Former President Donald Trump is facing possible criminal charges in New York for allegedly paying adult film star Stormy Daniels money in 2016 for her silence about a sexual encounter.
Seven in 10 Americans (69%) say that a political candidate paying money for someone’s silence about an issue that may affect an election's outcome is a crime, according to the latest Economist/YouGov poll. Those numbers are essentially unchanged from last week's poll, when 72% agreed. While Americans' opinion overall has remained steady, there has been a significant shift in Republicans' views.
According to this week's poll, 60% of Republicans say that exchanging money for silence on an issue that could affect the election is a crime. In last week's, 73% of Republicans said the same. While that's still a majority belief in the latest poll, it reflects an increase in the share of Republicans who say it's not a crime (to 21% in this week's poll from 13% in last week's) and who are unsure (to 19% from 14%). It nonetheless remains far higher than the 37% who said it is a crime in August 2018.
There was a similar drop in share of Republicans who believe it is a crime for a candidate to fail to report spending campaign money on payments to keep someone silent about an issue that may affect the outcome of an election. According to this week's poll, 62% of Republicans say this constitutes a crime, down from 76% in last week's. Three-quarters of Americans (74%) — the same share as the week before — agree.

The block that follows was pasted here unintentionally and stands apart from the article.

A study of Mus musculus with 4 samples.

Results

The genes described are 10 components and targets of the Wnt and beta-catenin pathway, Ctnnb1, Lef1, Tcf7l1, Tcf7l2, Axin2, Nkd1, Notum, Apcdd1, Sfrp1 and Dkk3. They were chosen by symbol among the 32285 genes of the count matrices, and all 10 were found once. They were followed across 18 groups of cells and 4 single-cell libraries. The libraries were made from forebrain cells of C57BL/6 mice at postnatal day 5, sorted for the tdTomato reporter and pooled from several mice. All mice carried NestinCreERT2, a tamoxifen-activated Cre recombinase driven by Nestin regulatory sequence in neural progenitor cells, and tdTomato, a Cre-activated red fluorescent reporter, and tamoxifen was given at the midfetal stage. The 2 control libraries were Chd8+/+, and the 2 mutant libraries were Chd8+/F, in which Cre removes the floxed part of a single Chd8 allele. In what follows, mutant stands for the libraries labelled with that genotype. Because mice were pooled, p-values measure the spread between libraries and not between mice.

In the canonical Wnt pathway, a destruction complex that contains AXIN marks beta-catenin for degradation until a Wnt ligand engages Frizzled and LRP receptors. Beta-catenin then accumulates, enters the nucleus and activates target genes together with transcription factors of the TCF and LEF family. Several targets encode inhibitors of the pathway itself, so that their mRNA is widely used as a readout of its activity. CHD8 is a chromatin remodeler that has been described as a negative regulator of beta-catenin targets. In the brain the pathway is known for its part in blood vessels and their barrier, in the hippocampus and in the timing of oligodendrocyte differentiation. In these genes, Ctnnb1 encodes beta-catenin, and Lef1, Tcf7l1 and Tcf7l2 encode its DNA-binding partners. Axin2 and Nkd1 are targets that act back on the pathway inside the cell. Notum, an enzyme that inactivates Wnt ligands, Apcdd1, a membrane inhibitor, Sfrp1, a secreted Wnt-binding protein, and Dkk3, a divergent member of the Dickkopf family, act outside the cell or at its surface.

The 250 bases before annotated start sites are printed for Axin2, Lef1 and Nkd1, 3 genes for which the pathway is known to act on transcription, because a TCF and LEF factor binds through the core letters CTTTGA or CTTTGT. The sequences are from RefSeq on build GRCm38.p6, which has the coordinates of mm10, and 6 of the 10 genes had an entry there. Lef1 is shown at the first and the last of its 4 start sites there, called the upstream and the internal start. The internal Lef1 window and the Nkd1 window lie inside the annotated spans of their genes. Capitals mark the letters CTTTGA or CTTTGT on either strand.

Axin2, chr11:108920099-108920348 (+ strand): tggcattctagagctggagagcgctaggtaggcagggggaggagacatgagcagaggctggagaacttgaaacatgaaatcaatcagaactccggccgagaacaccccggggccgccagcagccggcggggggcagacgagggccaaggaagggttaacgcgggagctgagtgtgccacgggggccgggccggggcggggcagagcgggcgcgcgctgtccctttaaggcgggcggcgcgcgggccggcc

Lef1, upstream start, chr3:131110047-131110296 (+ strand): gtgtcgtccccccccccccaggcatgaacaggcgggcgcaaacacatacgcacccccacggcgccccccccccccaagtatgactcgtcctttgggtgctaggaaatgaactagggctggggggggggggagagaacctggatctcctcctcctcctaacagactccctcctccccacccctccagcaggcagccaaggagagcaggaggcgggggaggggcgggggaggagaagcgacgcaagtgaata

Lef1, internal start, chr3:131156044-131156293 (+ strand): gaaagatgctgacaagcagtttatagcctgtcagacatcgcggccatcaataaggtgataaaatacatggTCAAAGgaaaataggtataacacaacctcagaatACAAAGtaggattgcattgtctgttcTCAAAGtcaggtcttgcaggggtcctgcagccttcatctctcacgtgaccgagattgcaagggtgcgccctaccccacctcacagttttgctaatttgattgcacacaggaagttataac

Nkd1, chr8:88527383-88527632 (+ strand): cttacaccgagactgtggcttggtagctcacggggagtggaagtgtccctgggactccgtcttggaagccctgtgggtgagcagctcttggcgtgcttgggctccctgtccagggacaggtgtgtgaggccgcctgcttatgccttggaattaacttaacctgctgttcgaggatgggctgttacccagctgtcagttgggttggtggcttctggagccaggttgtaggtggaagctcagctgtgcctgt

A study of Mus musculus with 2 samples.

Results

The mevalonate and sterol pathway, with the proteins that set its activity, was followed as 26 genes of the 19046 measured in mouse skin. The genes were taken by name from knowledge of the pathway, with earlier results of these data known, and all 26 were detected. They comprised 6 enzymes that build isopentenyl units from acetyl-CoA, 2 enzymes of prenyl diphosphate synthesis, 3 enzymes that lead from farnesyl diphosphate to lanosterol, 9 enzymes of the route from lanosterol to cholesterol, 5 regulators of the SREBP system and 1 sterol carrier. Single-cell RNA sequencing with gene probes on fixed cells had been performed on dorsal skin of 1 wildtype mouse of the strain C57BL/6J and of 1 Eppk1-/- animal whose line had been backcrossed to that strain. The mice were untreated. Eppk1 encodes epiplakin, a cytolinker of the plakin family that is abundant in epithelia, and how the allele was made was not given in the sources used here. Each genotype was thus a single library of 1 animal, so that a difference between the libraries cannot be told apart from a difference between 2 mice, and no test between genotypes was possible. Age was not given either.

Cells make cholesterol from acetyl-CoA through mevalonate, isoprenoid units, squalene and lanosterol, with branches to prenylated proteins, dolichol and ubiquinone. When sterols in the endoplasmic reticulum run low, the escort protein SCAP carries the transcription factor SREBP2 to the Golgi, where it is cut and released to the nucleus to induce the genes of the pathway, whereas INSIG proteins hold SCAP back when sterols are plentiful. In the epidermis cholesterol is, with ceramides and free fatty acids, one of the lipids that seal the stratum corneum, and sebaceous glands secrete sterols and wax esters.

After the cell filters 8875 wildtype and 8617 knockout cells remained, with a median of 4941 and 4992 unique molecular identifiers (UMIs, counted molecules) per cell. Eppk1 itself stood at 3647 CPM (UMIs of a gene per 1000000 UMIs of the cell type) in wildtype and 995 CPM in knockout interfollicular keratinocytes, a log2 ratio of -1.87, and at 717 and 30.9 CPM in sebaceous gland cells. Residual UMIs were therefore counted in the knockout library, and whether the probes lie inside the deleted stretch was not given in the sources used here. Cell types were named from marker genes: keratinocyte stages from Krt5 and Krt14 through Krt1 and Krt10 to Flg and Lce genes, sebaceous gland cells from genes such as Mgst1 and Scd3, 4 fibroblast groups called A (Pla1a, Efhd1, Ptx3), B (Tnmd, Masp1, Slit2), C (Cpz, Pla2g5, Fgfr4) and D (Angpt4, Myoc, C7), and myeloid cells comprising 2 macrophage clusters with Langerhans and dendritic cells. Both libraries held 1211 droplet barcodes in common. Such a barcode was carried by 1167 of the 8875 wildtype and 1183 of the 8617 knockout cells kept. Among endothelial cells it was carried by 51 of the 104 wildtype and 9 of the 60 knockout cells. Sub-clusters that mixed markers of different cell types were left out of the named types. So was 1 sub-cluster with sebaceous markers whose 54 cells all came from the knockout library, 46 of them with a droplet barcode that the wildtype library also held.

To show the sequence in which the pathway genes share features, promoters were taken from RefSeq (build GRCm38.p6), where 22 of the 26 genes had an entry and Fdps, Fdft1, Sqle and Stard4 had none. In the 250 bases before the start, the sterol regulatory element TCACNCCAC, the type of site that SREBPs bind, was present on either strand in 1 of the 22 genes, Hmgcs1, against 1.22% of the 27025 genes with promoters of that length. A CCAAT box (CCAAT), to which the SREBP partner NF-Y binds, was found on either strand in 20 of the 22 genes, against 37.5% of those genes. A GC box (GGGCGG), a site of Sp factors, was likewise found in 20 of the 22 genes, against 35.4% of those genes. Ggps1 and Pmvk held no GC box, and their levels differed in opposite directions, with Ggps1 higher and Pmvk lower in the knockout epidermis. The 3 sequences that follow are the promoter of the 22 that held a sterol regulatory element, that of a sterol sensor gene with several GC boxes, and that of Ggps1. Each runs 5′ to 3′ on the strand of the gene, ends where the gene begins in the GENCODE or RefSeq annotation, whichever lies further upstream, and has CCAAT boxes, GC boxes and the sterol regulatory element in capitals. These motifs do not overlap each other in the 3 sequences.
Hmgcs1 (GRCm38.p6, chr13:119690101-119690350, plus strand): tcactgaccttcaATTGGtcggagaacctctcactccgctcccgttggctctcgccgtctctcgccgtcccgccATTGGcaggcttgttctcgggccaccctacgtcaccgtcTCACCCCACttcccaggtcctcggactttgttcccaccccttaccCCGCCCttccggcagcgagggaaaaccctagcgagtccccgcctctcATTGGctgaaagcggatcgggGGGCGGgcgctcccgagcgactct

The investigation and grand jury deliberations in New York City that may result in Trump being charged with a crime evoke far more partisan reactions than do the underlying issues involved. By 46% to 34%, Americans say Trump should face criminal charges over paying adult-film star Stormy Daniels money for her silence about a sexual encounter in 2006. Democrats (77% to 11%) and Independents (44% to 30%) are more likely than not to say Trump should face criminal charges — but only 14% of Republicans agree. Nearly two-thirds (63%) of Republicans say he should not face charges.
— Carl Bialik and Taylor Orth contributed to this article
See the toplines and crosstabs from the Economist/YouGov poll conducted on March 19 - 21, 2023 among 1,500 U.S. adult citizens.
Methodology: Respondents were selected from YouGov’s opt-in panel using sample matching. A random sample (stratified by gender, age, race, education, geographic region, and voter registration) was selected from the 2019 American Community Survey. The sample was weighted according to gender, age, race, education, 2020 election turnout and presidential vote, baseline party identification, and current voter registration status. Demographic weighting targets come from the 2019 American Community Survey. Baseline party identification is the respondent’s most recent answer given prior to June 1, 2022, and is weighted to the estimated distribution at that time (34% Democratic, 31% Republican). The margin of error for the overall sample is approximately 3%.